White Flint Partnership to Council: County must approve plans for rapid transit system
October 2, 2013 – Montgomery County must approve plans for a Rapid Transit System as presented through the Countywide Transit Corridors Functional Master Plan, said Francine Waters, testifying on behalf of the White Flint Partnership at a public hearing before the county council last week.
Waters encouraged county officials to take measures that would designate transit corridors and accommodate the introduction of a proposed Rapid Transit System into our existing road network. As Executive Director of the White Flint Partnership and Senior Managing Director of Transportation and Smart Growth for Lerner Enterprises, Waters called rapid transit “key” to a successful redevelopment of the White Flint area.
“It will enhance our ability to create and retain high quality jobs, balanced and sustainable economic growth, improve our fiscal health, as well as support our county’s and the state’s economic competitiveness with neighboring jurisdictions,” she said on Thursday, September 26 during the second of two nights of hearings regarding the plan.
Also speaking before the council, Tommy Mann of Federal Realty Investment Trust, a Partnership member, lauded the plan as an important stage in planning for Montgomery County’s transit future. “It’s important to keep in mind that approval of this plan doesn’t implement the systems described,” said Mann, Federal Realty’s Development Manager. “The plan only establishes the direction for the more detailed work that needs to be done in order to improve our transit corridors.”
In her testimony, Waters agreed, noting, “Yes, there are many details that need to be worked out, but we will only be able to have those conversations if this plan is approved.”
Waters and other community leaders noted that last week’s county council hearings are one of many important steps in the planning process. County Councilmember Roger Berliner clearly laid out those steps in the September 2013 issue of “The Berliner Brief” sent to constituents, noting that public outreach is an important component of this phase. Early steps that follow the identification of a project in the master plan also include the start of both facility planning and engineering, Berliner said.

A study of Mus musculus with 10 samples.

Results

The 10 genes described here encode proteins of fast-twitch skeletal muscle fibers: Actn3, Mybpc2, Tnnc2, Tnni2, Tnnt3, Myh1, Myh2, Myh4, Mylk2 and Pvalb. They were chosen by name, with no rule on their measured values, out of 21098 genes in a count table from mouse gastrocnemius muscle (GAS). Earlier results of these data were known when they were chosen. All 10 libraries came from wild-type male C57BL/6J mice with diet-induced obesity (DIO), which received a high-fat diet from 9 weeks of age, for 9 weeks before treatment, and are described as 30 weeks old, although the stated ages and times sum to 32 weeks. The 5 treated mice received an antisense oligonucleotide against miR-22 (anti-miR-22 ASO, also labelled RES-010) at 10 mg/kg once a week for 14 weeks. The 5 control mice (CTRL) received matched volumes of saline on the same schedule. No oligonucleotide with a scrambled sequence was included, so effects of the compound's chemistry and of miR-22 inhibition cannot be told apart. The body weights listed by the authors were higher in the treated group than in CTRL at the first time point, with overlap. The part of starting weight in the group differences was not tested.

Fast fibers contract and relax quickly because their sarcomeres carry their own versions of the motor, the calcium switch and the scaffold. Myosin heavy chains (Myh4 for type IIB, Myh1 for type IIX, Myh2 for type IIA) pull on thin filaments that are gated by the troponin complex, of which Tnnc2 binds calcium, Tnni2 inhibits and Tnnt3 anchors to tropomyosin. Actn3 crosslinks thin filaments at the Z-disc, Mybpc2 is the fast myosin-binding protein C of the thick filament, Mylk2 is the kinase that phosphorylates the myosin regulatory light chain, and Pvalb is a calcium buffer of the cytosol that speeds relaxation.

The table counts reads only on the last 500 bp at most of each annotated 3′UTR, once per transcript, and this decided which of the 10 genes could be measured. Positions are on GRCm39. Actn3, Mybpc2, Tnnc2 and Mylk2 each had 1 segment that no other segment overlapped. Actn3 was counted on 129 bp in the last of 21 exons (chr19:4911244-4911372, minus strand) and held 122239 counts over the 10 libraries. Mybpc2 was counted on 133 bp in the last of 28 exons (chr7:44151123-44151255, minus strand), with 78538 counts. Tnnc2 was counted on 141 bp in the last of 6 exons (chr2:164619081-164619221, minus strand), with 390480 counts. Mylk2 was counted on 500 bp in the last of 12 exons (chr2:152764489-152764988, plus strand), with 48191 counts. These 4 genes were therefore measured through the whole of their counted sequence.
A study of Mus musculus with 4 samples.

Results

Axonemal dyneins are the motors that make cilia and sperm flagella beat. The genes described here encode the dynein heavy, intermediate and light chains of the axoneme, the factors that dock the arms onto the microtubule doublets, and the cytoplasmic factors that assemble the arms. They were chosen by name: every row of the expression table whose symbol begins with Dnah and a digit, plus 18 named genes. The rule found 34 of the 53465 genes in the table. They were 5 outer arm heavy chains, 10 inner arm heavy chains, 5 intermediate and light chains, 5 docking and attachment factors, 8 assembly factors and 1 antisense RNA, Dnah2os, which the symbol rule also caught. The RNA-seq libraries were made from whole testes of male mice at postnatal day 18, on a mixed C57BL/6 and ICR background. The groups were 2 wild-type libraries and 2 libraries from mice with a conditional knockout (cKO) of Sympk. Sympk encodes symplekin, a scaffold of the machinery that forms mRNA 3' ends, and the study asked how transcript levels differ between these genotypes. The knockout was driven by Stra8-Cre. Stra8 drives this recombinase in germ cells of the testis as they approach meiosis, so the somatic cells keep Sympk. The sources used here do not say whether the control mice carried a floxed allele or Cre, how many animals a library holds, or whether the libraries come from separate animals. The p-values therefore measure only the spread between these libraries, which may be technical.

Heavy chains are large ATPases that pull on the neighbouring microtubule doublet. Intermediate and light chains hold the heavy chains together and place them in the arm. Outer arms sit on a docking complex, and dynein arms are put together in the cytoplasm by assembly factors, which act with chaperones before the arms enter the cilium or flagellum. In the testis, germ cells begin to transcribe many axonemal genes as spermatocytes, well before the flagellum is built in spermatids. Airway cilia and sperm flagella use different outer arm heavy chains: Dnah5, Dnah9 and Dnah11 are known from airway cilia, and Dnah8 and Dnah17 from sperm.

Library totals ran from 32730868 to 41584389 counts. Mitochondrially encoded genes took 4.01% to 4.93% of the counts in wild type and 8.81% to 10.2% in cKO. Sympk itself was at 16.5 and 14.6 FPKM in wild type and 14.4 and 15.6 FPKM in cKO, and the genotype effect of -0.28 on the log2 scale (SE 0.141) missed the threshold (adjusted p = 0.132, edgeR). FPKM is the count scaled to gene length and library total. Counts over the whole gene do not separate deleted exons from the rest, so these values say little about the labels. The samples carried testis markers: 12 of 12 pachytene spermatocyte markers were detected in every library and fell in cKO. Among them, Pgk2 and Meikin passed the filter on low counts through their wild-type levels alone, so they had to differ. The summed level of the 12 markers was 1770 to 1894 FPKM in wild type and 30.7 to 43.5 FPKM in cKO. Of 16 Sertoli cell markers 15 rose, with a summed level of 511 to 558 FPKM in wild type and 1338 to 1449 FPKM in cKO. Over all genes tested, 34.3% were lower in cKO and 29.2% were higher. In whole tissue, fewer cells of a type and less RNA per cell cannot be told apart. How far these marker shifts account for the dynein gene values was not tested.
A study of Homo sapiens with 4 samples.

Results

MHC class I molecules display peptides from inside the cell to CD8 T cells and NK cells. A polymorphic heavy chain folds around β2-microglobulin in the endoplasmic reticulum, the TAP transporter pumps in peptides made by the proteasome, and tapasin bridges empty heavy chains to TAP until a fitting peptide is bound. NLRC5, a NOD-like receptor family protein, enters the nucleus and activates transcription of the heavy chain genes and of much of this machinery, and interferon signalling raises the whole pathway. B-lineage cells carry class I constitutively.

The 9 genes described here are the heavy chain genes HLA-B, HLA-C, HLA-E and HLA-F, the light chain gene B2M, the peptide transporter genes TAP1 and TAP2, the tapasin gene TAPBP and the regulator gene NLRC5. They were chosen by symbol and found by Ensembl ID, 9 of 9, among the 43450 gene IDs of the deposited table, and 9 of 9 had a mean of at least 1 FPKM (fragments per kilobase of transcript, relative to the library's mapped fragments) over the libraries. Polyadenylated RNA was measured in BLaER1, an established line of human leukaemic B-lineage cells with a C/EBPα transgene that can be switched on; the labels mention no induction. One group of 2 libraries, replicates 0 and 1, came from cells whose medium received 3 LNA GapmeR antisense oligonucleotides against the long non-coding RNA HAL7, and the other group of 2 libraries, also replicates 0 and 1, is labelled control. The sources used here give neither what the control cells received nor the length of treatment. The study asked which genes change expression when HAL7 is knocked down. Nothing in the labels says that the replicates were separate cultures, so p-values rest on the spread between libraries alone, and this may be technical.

After 35 percent of the project’s engineering is completed, the project will go to the Council’s Transportation, Infrastructure, Energy and Environment Committee for review, Berliner said. If both the county executive and the council approve, only then would the project receive funding for design. The Department of Transportation then could obtain permits, which allow for more detailed right-of-way planning.
Affirming the importance of engineering in her testimony, Waters noted, “Every effort should be made to engineer a system that will provide the highest level of performance standards for the entire network.” Waters later expanded that adoption of the functional master plan would allow a complete engineering study to pinpoint the highest performing rapid transit configurations.
According to Mann, failure to adopt the master plan would mean that “the framework to examine and move forward with a rapid transit solution is completely gone.”
The White Flint Partnership is an alliance of property owners working with the community and the government. In addition to Federal Realty Investment Trust, its members include Saul Centers Inc., Gables Residential, The JBG Companies, White Flint Mall Redevelopment – Lerner Enterprises and The Tower Companies.